Facebook Twitter



June 13, 1994, will go down in the history of the demise of our country as the day when property lost all protection against retroactive taxation.

On that Black Monday the Supreme Court struck down the due process protection against retroactive taxation.Previously, ex post facto tax laws had been permitted back to the date that the bill was introduced. The limited retroactivity was based on the court's reasoning that the introduction of a bill provided due notice to taxpayers. However, this stretching of retroactivity had not been allowed in estate taxation.

The reason is simple. A person who relies on law to make a will is deprived of due process if the law on which he relies is overturned after his death.

This commonsensical, fair, long-standing precedent was thrown away by a court that is extremely protective of the "due process" safeguards that it uses to uphold abortions and racial quotas.

The "stark discrepancies" in the court's due-process reasoning noted by Justice Antonin Scalia make it clear that the court views abortions and preferential treatment for "preferred minorities" far more worthy of constitutional protection than property rights.

To encourage greater employee ownership of companies, the 1986 Tax Reform Act permitted a partial estate tax deduction for stocks sold to a company's employee stock ownership plan (ESOP).

Jerry W. Carlton, the executor of an estate fulfilling his fiduciary responsibility, faithfully relied on the law. However, Congress retroactively changed the law, leaving the estate a surprise loss of $631,000.

Relying on well-established Supreme Court precedents, the 9th Circuit Court of Appeals struck down the retroactivity, ruling that it was "harsh and oppressive."

President Clinton, perhaps alarmed at the implication for his own retroactive income and estate taxes that passed by one vote in 1993, had his government appeal to the Supreme Court.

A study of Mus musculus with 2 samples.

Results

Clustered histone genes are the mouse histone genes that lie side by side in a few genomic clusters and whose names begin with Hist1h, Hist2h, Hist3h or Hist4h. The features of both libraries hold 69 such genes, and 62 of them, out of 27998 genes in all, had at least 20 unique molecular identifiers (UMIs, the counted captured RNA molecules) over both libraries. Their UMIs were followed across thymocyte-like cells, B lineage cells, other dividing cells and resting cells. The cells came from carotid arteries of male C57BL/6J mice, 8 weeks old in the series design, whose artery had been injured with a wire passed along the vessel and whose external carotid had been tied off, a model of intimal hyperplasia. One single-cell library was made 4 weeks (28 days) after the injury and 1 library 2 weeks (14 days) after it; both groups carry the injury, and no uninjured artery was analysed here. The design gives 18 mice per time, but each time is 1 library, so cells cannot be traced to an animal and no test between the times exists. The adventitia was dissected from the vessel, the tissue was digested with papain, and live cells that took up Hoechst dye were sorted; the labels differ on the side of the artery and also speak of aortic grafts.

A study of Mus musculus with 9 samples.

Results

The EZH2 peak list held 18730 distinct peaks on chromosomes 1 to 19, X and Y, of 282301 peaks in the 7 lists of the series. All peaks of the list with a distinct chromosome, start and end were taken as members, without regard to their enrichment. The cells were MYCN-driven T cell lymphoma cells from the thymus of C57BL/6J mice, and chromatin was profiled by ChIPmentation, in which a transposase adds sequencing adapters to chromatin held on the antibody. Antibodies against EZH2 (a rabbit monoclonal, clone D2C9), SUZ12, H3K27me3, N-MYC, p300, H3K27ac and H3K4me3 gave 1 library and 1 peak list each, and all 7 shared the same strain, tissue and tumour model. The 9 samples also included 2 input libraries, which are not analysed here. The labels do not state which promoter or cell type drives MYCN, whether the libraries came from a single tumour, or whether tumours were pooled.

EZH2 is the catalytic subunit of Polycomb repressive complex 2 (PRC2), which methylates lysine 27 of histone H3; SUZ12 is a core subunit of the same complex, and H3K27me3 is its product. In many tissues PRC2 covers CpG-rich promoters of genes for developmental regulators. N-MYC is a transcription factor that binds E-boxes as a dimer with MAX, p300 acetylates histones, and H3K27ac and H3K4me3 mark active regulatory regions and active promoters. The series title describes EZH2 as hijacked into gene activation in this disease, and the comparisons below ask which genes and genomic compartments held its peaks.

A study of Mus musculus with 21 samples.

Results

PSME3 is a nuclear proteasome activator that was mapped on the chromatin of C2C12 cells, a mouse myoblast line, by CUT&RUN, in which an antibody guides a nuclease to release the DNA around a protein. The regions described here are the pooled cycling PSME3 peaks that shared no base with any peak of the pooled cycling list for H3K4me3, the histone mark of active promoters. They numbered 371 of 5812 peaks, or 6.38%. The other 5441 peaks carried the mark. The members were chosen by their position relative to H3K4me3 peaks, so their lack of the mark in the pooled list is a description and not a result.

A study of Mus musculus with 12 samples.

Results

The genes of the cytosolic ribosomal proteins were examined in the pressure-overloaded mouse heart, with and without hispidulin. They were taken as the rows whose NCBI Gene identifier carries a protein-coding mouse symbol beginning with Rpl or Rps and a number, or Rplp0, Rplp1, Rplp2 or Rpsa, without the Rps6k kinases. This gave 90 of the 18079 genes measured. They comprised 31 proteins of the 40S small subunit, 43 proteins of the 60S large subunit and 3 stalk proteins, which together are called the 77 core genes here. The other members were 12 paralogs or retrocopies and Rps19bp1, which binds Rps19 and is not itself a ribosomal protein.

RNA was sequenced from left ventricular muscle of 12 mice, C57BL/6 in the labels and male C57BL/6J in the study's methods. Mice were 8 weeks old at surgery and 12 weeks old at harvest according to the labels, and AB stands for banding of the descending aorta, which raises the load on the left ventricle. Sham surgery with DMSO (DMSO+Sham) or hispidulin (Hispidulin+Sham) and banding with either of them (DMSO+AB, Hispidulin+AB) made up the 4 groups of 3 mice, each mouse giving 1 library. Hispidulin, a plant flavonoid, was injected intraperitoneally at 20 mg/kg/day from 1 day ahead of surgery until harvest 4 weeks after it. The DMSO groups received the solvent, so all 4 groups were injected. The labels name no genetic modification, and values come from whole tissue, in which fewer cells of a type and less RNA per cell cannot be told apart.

The Republican-appointed conservative jurists obliged him. Blackmun said that precedents from an earlier time carry no weight. Scalia said that due process "rights" are an "oxymoron." Sandra O'Connor said retroactive taxation was OK as long as retroactivity didn't reach back too far.

If this sounds flaky and callous, you are right. But it gets worse.

Blackmun, Rehnquist, Stevens, Kennedy, Souter, and Ginsburg ruled that it is permissible for tax law to be arbitrary and capricious as long as it related to "legitimate legislative purposes," such as raising revenues. In their own words, "Tax legislation is not a promise, and a taxpayer has no vested right in the Internal Revenue Code."

The court has ruled that taxpayers rely on the tax law at their own risk. You might think that you have paid your taxes for 1993 and prior years, but after Black Monday's ruling, whether you have or not is entirely up to the goodwill of the Congress. As Scalia notes, the court's reasoning in U.S. vs. Carlton "guarantees that all retroactive tax laws will henceforth be valid."